Log Cabin is such a classic (and simple) design; although often seen with a limited number of fabrics it is one that cries out to be made from scraps – as it would have been back in ‘the Olden Days’. These are two of Barbara’s vintage quilts – the black and light one is just a coverlet (no wadding) while the other one is a folded Log Cabin.
The basic premise of the block is that you start with a central shape – usually a square and then stitch strips around. The strips are usually the same width so you should end up with a neat collection of squares when you finish. The number of strips you add is up to you – stop when you get bored! The more strips you add the bigger the block; the wider the strips, the bigger the block; the bigger the central square, the bigger the block. Talking of which – your central square could be an orphan block or a random orphan unit such as a half-square triangle. Likewise, in theory, you make half the block from light fabrics and half from dark – like the black and light quilt above. But you don’t have to. These blocks are again some vintage ones from Barbara’s collection.
If you use different width strips – narrow light ones (say) and wider dark ones then you can get the illusion of circles or curves in your quilt. You do need to make a less than subtle difference in the widths for this to show up properly. Chris’s autumnal quilt only has a slight difference in the widths of the strips.
Having half the block light and half dark – whether the strips are the same width or not – can allow you to play with all sorts of settings before you decide which one to stitch together.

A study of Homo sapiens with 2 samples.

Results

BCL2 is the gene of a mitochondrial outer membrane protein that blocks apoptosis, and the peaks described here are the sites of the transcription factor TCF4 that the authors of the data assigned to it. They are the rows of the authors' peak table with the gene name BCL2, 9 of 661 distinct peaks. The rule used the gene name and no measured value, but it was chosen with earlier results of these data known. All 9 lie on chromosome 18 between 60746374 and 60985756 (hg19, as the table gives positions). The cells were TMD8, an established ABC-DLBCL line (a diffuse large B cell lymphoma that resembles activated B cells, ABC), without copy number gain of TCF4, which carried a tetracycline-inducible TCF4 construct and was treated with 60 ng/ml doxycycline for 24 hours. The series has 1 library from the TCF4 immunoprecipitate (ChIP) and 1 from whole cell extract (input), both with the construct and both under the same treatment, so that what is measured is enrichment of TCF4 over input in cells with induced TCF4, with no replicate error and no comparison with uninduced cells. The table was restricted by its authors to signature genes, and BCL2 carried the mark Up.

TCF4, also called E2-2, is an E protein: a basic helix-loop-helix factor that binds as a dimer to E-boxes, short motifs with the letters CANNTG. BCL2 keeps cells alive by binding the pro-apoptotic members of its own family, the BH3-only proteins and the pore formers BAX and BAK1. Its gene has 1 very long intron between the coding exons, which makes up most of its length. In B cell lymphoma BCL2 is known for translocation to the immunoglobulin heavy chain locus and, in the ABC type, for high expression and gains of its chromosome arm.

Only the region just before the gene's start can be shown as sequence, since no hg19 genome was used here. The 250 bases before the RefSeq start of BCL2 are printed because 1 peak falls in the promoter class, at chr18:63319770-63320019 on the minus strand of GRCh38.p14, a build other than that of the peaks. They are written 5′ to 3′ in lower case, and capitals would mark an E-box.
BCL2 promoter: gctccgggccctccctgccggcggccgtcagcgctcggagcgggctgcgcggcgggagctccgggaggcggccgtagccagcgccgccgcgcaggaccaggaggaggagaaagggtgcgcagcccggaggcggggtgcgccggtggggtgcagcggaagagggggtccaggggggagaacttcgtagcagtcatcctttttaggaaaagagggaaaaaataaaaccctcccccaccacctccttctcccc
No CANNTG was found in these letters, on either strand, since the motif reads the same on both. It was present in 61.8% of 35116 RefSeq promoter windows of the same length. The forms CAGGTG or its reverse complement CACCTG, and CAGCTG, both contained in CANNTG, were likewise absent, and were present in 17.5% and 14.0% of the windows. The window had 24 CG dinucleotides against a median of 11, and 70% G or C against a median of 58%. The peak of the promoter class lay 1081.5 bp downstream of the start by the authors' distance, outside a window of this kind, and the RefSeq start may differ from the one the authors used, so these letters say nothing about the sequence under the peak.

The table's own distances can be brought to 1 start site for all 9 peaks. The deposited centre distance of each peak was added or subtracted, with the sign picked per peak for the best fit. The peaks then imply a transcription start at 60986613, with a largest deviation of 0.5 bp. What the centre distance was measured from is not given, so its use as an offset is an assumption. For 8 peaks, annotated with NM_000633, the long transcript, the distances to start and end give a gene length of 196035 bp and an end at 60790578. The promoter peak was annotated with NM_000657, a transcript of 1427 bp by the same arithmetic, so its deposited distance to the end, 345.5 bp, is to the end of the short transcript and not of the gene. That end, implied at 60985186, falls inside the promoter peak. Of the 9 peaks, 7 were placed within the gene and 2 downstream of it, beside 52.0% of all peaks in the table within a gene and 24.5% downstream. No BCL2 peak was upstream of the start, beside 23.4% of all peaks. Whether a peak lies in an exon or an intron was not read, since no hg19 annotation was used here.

You don’t have to have all the same size strips either – you can make a ‘wonky’ log cabin block by randomly stitching different sizes of strip around the centre and then trim everything square and the same size at the end (thus creating even more scraps, but tiny ones), or add a border around each block to make them square.
You can find the pattern to make the quilt this collection of blocks eventually turned into in British Patchwork and Quilting magazine July 2019 issue – and the finished blocks did not look like the photo above, that was just one try-out!
Or you can, as Ann Jermey has done with these ones, stitch random strips around squares and/or rectangles to make a variety of blocks to put together into a quilt, with a neat sashing to hold it all together.
Although all these quilts are ‘scrappy’ they have one thing in common – they stuck to a particular colour palette (autumnal) or a particular fabric type (hand-dyes and flannels).
And one thing you can never have too many of – books for inspiration!